After Dad and I had been round Pointe Du Hoc we drove the couple of miles down the coast to the most westerly part of Omaha beach, one of the two American landing beaches and the beach that saw the greatest casualties on D Day. The road down to the beach was down one of the draws that the US infantry fought so hard to clear to open the exits off the beach.
Our first task was to get a bite to eat, unfortunately the restaurant was closed so we made do with the burger van. It also gave me a chance to try out my abysmal French, despite studying it for 5 years at high school I never mastered the language but I always try my best to make the effort when in France.
Sitting down on a plastic chair enjoying my food looking at a mostly deserted beach with a distinctly ‘Blackpool- at- the- end- of- season’ feel to it I was struck by the incongruous situation trying to imagine in my mind’s eye what had occurred on the beach some 73 years earlier, it certainly gave me pause for thought.
After we ate we walked back up the draw to the fantastic little museum ‘Omaha D Day museum’ that was the late work of a local who had grown up in the area immediately after WW2.
The painted sign for the museum with a 150mm German infantry gun in front of it.
The outside grounds of the museum had a variety of bits of equipment, mostly guns, in various stats of repair and conservation including this American 105mm howitzer.
This naval gun of unknown provenance had seen better days.
The well known German 88mm FLAK 36 mounted on its wheels.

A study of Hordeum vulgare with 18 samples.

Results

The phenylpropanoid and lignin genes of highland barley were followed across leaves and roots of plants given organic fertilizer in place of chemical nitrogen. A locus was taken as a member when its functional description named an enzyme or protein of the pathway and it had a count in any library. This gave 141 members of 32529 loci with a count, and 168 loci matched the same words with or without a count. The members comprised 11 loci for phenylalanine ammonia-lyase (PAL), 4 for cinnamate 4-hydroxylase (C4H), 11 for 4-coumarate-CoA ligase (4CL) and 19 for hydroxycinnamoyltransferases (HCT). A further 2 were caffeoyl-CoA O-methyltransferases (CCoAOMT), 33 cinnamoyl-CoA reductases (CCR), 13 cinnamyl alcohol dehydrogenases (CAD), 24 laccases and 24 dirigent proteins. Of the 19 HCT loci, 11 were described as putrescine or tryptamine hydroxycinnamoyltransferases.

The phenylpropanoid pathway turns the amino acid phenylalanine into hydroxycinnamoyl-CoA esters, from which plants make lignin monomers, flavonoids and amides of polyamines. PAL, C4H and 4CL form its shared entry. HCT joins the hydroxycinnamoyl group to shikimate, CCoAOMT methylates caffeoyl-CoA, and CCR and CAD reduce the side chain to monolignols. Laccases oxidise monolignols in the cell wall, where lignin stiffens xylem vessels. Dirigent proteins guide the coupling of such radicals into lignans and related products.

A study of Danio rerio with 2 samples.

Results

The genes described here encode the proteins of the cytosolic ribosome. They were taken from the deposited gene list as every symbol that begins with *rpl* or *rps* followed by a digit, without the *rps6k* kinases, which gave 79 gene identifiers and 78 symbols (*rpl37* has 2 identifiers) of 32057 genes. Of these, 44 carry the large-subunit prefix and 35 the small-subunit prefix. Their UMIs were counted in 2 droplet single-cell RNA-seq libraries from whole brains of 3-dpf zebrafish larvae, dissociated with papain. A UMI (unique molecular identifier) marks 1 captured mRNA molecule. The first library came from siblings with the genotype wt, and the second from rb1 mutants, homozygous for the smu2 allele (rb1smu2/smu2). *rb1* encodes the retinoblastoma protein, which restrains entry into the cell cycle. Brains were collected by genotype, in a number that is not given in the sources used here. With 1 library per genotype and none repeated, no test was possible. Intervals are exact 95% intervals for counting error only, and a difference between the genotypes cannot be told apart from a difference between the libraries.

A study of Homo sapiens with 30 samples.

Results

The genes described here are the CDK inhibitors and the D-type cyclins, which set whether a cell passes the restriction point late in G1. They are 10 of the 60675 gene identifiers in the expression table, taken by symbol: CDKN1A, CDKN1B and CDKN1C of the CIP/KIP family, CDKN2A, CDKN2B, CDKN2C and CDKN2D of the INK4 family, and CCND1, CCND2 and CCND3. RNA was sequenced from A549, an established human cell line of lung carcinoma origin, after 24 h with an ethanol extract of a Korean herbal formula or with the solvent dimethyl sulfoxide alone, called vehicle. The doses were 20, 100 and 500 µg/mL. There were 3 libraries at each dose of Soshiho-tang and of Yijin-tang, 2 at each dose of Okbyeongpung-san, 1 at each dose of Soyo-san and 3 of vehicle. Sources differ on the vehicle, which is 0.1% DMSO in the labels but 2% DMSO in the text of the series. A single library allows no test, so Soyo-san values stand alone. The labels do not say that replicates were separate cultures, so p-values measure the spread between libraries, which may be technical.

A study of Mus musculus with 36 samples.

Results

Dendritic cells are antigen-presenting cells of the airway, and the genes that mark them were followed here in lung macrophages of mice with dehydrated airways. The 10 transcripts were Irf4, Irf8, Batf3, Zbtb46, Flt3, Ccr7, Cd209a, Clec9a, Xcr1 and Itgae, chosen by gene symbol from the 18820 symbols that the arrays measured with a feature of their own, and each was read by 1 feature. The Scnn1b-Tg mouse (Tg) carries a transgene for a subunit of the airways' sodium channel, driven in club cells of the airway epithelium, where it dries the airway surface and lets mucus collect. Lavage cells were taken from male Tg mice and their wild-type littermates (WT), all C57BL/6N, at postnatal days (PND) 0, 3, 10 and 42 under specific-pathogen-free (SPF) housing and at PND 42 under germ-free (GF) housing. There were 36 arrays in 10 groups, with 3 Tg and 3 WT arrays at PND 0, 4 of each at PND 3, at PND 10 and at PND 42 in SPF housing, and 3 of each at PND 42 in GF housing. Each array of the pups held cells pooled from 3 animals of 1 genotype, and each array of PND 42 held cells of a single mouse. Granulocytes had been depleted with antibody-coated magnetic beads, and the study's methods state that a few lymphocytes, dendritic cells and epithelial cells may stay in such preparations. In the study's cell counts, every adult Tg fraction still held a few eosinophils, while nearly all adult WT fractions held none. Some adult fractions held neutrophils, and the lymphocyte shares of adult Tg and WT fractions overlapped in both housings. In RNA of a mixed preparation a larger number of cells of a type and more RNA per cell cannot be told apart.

The inside of the museum was crammed with every space taken up with exhibits including this selection of German weaponry.
A large diorama of 6 June 1944.
A selection of Allied radios
A German LMG on an anti aircraft mount.
An American M29 Weasel and other American weapons.
A Flakvieriling 38 without its gun shield.
A pair of mannequins in German Luftwaffe uniforms and the engine of a Focke Wolf 190. The MG barrel that can be seen, the one stacked vertically, is from a Messerschmidt Me410 remote control rear facing mount.
Down the left hand side of the draw back down to Omaha beach is a long section of Mulberry roadway.
Omaha beach had its own Mulberry harbour that was wrecked and not rebuilt after the storm of 19 June, the surviving caisson is used for a pedestrian pier.
The view from just behind an Anti Tank gun bunker looking eastwards along the beach. The bunker has now been rebuilt as a memorial but it is clear that it was sited in a commanding position.
Walking along the beach it was clear how much of an obstacle the bluff would have been. The houses had been cleared as part of the beach defenses but these post war buildings give a sense of scale.
The 4km beach is very flat and it is easy to see why it was chosen as a landing beach, however with the exits from the beach being limited to the draws it is easy to see how easy it would be to defend it.
In the rough centre of the beach is this recent sculpture…
… and this slightly older memorial.
On the way back we paid our respects at the site of the first US cemetery. It was not intended that one be placed on the beach in front of the bluff but such were the casualties at Omaha beach one was established as a temporary measure. The bodies interred were subsequently moved to the large US cemetery further inland.
As the tide receded further on the now quiet beach more remains of the Mulberry harbour became visible.